Supreme Court takes on the legality of Medicaid expansion while states grapple over funding
As state officials negotiate their fiscal 2013 budgets, more than half are grappling with billions in shortfalls that put Medicaid funds at risk, according to a new report.
Regardless of the Supreme Court's decision on whether the Affordable Care Act's Medicaid expansion in 2014 is constitutional, states are seeing high demand for healthcare safety net services, according to a report from the Kaiser Commission on Medicaid and the Uninsured.
In order to contain costs next year, governors have proposed measures such as significant eligibility cuts, increased reliance on managed care, and technology that would streamline the enrollment processes, the report notes. But there is some good news: A handful of states, such as California and Tennessee, have proposed provider payment increases that would include nursing homes.
In Washington, the U.S. Supreme Court wrapped up three days of oral arguments challenging the ACA on Wednesday, with the final session debating whether the law's expansion of Medicaid is illegally coercive.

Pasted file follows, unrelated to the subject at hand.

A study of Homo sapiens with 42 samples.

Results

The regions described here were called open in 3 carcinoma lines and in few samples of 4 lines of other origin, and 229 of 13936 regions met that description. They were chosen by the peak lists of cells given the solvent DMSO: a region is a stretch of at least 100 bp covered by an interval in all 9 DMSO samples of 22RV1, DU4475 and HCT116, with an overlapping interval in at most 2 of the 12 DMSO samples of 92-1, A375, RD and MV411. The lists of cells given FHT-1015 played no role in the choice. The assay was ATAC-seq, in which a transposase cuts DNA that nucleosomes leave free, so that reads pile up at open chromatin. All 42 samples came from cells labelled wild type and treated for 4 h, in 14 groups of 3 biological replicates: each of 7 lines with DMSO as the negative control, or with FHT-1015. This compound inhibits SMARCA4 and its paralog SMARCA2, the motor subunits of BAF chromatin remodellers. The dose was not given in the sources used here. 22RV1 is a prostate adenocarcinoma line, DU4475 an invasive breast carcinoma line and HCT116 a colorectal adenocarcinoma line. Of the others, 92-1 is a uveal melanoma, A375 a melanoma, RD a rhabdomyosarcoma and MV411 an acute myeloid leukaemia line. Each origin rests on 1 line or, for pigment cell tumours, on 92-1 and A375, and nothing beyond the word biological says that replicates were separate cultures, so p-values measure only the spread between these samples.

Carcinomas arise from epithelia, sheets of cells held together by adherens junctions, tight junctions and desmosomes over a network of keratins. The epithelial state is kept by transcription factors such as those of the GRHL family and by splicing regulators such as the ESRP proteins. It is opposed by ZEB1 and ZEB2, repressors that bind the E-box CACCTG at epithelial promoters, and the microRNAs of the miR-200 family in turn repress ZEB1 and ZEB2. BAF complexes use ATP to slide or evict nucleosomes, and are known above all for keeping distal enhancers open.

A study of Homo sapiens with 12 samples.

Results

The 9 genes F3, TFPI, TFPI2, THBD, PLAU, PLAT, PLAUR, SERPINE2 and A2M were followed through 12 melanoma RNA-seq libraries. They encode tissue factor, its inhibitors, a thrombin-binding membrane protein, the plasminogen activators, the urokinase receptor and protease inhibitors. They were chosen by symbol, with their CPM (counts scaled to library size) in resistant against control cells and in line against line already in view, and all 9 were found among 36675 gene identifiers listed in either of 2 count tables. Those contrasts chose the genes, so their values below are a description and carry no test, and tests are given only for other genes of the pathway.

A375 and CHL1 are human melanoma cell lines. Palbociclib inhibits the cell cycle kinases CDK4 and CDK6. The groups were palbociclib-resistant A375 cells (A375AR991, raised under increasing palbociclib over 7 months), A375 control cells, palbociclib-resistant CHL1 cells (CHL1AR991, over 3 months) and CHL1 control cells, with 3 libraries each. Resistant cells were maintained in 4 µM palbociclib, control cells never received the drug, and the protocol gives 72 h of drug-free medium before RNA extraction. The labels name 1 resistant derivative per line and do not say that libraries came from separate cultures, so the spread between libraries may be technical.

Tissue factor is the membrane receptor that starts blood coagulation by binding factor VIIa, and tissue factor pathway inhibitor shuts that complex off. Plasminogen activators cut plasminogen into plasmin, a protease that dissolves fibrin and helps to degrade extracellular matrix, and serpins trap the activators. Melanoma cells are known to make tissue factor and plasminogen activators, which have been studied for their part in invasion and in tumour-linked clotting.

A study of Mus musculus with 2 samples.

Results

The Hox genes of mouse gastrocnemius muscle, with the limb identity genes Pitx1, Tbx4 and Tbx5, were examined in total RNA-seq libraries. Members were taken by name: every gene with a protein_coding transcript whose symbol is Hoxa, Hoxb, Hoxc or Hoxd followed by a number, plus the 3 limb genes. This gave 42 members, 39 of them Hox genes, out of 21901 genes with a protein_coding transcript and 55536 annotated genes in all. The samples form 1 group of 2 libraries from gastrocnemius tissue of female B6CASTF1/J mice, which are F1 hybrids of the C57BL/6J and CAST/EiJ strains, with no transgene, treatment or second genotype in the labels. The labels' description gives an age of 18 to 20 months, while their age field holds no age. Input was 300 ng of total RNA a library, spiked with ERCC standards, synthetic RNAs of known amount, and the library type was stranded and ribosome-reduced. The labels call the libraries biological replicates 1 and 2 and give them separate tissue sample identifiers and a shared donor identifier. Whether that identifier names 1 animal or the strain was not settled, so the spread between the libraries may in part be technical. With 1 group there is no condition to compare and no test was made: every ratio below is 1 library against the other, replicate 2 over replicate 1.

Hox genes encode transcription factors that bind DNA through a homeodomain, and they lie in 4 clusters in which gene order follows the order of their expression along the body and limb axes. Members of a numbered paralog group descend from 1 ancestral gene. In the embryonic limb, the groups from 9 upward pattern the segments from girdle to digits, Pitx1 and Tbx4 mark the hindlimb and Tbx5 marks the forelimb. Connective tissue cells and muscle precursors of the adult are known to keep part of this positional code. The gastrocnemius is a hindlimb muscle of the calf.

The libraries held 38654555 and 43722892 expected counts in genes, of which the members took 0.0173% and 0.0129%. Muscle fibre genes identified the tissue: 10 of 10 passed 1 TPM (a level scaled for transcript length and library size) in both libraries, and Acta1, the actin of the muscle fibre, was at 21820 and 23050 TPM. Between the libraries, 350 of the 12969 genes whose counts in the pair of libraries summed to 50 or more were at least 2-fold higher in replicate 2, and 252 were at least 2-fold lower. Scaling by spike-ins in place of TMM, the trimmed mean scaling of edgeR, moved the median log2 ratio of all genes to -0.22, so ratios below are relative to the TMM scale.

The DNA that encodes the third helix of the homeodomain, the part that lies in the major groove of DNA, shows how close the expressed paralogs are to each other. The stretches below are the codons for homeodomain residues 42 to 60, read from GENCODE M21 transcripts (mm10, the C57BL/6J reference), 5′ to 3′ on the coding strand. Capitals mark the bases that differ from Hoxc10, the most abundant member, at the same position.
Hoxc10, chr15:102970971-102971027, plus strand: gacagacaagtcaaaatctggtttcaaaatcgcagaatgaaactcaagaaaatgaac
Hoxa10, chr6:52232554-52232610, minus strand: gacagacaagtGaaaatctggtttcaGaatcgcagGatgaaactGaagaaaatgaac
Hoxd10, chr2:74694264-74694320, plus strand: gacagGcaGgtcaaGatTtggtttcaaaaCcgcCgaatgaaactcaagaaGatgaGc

Under the healthcare law, states must expand Medicaid eligibility to cover individuals under 65, who have incomes of up to 133% of the poverty level. States that fail to comply with this requirement would see their federal funding cut; Medicaid is a joint state-federal program.
Attorney Paul Clement, representing the 26 states that oppose the expansion, argued that the threatened loss of federal funds for refusing to comply constitutes “coercion.” While Justice Elena Kagan told Clement that the law does not sound coercive to her, the more conservative justices disagreed, according to the testimony.
Legal experts say that the states' case against the law's Medicaid expansion is the weakest part of their challenge.